The Turkish team may not have qualified for the World Cup, but the soccer frenzy currently gripping Germany has created a new relationship between Germans and Turks.
Neighbors turned friends -- Turks in Germany are rooting for the national squad
As Germany progresses through the four-week tournament in style, Turks living in Germany are celebrating the home team‘s victories along with native Germans.
After Germany’s impressive 2-0 win over Sweden in the knockout stage, Kreuzberg -- a district of Berlin that is also known as little Istanbul due to its large Turkish community -- was full of cheering Turkish residents and cruising cars waving German flags and honking.
Turks make up Germany’s largest community of foreigners --around 1.8 million with 50,000 in Kreuzberg alone. Earlier this year, details of Turkish honor killings and fights over head scarves were making headlines in Germany and fuelling a heated debate about Turkish culture and raising doubts about its ability to adapt to a Western lifestyle. The World Cup, however, appears to be bridging the gap between the two cultures.
"Of course, it would be better if the Turkish team would play here," one young Turkish man said. "But since they aren’t here, I’m now supporting the German team because I live here."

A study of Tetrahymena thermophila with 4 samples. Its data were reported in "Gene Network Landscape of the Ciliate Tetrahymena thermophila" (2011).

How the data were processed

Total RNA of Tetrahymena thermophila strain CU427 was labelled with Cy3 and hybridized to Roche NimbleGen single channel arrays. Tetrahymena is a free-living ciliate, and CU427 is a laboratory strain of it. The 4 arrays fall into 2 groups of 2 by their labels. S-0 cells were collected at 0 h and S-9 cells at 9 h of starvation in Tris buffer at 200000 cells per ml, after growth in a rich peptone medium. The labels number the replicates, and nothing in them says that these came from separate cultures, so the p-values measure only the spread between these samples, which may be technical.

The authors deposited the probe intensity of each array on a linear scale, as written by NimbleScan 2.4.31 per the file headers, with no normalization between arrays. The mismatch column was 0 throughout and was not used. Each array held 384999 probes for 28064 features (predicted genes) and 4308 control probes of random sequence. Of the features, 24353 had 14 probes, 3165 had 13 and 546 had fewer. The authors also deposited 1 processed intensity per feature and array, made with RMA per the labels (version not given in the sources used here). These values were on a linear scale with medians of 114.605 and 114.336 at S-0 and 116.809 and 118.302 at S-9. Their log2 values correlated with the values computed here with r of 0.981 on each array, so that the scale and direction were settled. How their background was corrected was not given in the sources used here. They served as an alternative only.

Everyone needs to have fun
Germans -- and Turks -- were elated after Germany beat Sweden in the final 16 round
He added that it’s nothing unusual to cheer for Germany because this country is his second home.
"After all, Germany is playing very well in the tournament," he said.
And attitudes are also changing among native Germans. Surprised by their own soccer-fuelled, newly-found national identity, many Germans are now also taken aback to find their compatriots of Turkish descent happily waving German flags right next to them.
"It’s great because everybody needs to have fun in Germany," said one German. "It’s great being together with them, being multicultural like one world and one city."
Following Germany's recent victory over Sweden, the streets in Kreuzberg were jammed with cars as the rowdy celebrations neared their peak. Some Turks say that Germans, who are often described as humorless and disciplined, now have the chance to learn how to celebrate.
Turks in Kreuzberg and other Berlin districts are following the German team's performance
"I’ve experienced such huge celebrations only in Turkey," said one fan adding that the whole country is usually up and dancing after a football victory. "It seems we can contribute something to this country now."
He said he believed the mentality in countries where the weather is always good is definitely more relaxed than in Germany and also partly attributed the current mood of elation to the splendid sunshine over the last few days.
Many Turks hope that once the World Cup is over, Germans might keep some of their new found enthusiasm and friendliness towards their own country and the ethnic minorities living here.